Getting health care access to rural/low-income New Mexico requires creative collaboration.

It happened when psychologists were given prescribing privileges like their M.D. psychiatrist colleagues. And when Gov. Susana Martinez put together incentives to attract more nurse practitioners. And when various provider groups embraced telemedicine.

Because expecting throngs of doctors and dentists, specialists and oral surgeons to take their expensive educations and medical equipment to communities with one stoplight is a false expectation.

There are plenty of those communities. After all, New Mexico is the fifth-largest state in the nation, at 121,298 square miles.

So it is important that realistic cost efficiencies are included when the 2015 Legislature once again takes up the issue of dental therapists, as well as if the state Board of Nursing revisits its recent rule change on registered nurses and anesthesia.

Sponsored by Sen. Benny Shendo Jr., D-Jemez Pueblo, the dental therapists legislation would create this new category of midlevel oral health care provider. Dental therapists could fill cavities, perform basic extractions, diagnose irregularities from X-rays, adjust dentures and make treatment plans.

They could not practice without a supervision agreement with a dentist. Yet the New Mexico Dental Association is grinding its collective teeth, saying all that’s really needed is dentists relocating to rural New Mexico and the federal government increasing Medicaid reimbursements. OK. While we’re waiting for those to happen, rural New Mexicans cannot only lose all their baby teeth but have their permanent teeth come in and get cavities.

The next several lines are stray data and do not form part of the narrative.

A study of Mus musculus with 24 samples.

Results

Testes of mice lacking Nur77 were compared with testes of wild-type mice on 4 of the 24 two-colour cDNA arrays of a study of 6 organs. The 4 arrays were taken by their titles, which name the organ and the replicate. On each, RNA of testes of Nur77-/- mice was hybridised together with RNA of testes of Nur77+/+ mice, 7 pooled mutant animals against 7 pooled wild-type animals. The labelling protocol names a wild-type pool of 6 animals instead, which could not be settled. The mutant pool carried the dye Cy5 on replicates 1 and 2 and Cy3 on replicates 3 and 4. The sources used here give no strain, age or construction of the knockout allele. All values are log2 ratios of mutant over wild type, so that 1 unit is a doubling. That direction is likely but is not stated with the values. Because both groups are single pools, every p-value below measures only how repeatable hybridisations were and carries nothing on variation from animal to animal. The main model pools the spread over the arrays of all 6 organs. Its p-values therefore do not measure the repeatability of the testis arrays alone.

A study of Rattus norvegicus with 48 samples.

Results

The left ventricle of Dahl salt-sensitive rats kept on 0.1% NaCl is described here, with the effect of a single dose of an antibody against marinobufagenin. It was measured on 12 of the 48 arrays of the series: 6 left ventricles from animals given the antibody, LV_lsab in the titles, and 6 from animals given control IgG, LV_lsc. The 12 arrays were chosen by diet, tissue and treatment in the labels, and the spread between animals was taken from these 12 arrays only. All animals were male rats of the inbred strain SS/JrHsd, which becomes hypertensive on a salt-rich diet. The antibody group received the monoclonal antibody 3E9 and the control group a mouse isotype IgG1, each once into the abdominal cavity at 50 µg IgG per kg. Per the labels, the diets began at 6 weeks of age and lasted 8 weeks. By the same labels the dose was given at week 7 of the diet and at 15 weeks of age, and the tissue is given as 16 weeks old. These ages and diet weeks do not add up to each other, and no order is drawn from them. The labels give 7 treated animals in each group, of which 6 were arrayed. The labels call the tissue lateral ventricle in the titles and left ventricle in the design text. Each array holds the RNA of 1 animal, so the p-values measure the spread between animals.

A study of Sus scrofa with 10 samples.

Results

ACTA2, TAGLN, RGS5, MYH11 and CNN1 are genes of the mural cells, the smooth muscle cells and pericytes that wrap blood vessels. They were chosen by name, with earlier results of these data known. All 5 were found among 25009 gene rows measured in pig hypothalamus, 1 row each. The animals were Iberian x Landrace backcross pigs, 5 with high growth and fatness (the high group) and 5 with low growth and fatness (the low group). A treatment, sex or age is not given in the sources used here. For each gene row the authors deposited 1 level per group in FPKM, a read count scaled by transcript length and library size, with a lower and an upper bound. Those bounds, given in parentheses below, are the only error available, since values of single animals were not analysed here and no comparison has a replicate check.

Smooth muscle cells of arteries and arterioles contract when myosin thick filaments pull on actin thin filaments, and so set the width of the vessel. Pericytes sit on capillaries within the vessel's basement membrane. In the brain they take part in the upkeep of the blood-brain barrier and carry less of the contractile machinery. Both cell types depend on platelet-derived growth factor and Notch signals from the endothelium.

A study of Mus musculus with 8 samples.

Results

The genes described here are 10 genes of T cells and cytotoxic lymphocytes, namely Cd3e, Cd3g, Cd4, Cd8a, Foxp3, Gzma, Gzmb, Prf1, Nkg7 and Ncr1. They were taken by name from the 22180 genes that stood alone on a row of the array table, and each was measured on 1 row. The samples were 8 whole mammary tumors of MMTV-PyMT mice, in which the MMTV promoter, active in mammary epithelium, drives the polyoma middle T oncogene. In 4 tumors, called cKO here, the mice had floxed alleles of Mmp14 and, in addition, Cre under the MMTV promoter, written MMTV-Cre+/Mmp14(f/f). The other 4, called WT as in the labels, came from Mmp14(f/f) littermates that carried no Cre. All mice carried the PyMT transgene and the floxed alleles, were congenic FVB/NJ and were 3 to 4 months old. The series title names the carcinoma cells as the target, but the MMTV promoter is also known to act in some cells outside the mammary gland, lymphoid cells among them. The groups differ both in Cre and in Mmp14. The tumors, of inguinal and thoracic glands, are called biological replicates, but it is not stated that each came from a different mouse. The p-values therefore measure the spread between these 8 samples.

But the dentists also raise valid concerns. It would be wise for the Legislature to work with all parties to approve a pilot program – complete with a status report on the number of patients served and a requirement that a significant number of them be Medicaid patients in rural areas – to see if dental therapists make a difference in rural oral health care.

As for the rule change to the New Mexico Nurse Practice Act that allows registered nurses to administer deep sedating drugs under the guidance of doctors, the American College of Emergency Physicians says that has been happening for years and the change simply codifies practice. It will be important to follow if concerns expressed by the New Mexico Society of Anesthesiologists are realized, and nurses begin administering anesthesia in clinical settings rather than just in hospital emergency rooms and intensive care units, and with negative results.

New Mexico is a rural state with many low-income patients who need realistic access to medical care. It’s important the state continues to embrace creative collaboration to make that happen.

This editorial first appeared in the Albuquerque Journal. It was written by members of the editorial board and is unsigned as it represents the opinion of the newspaper rather than the writers.